Ahoy, lofty, alighted and abridged sailors, be sure to stow away and sail away, for if we run or stand agrounded we'll be nothing but salvage for pirates, sharks or the king's garbage men. Thar'll be nothing left. Just scrunched up, ruined stuff flotsaming free upon the sea. Sadly true, pirates are not an olden day myth. Impoverished African nations are increasingly relying on stolen fortunes and the ruination of the lives of 'developed world' seafarers. A new breed of murderers and thieves steal a foothold on the bottom rung of the economic evolutionary ladder. Out of control anachronistic anarchists? When someone behaves like a Robin Hood character, can the line between social justice action and self-combusted soul destruction actually be held?
Jello Biafra provides worthy commentary about America's economic crisis; saying that it has nothing to do with the country losing its financial assets, it's entirely about the same people who have always had wealth, stealing even more of it from the poor. After bringing the behemoth to its knees, the 'have alls' don't look like giving anything back. Not a new story. The rich get richer and the poor get the picture, said some rock and roll muso, come politician who reckons he didn't inhale the meaning of his own words.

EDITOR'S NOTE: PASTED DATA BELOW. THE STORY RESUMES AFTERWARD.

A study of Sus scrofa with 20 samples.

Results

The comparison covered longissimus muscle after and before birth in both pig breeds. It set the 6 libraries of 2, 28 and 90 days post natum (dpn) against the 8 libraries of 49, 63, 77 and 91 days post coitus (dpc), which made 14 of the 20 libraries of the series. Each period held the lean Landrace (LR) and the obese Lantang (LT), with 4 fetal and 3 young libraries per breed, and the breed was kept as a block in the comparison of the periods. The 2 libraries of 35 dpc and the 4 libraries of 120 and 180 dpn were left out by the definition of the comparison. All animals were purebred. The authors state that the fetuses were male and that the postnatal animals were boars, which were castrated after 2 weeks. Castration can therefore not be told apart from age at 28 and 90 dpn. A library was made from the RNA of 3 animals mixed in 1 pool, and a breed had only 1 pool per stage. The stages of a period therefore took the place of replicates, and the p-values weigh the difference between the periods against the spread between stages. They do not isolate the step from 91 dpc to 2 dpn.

And so the salvage of humanity's material worth washes up on the same peoples' shore, in a different century.
More important is the edge that social fabric relies upon: the selvage that that holds and takes care of the common weave, the democratic equality principle. But we also know that the thin facia that guards us from the abyss is frail and fraying. Society's handmaidens and seamstresses are working hard to patch it up and hold it together, but vast chunks have worn, torn and fallen away. Yesterday Rob and I happened upon the Occupy Melbourne protest, as we were going to a 'date day' lunch. Young and bemused police officers on horses and others carrying riot shields swept through and pushed the everyday citizens out of public space. I briefly spoke to an Occupy Melbourne organiser who was disgusted. He told me that, during the week of occupancy, any protester who uttered fighting words was evicted. On the sidelines a few scouting types handed out cornchips and fruit pieces to onlookers while the chanting gained strength - 'this is what democracy looks like', and 'we're here to keep the peace'.
I also chatted with the fruit-stall man, who asked, 'what's it worth - we believe in democracy and a fair society, but nothing ever changes. What difference does a protest make?'
I think every action makes a difference. Occupy Melbourne is a small and passing moment in time, where a curious motley mix chose to be selvage, and held a line.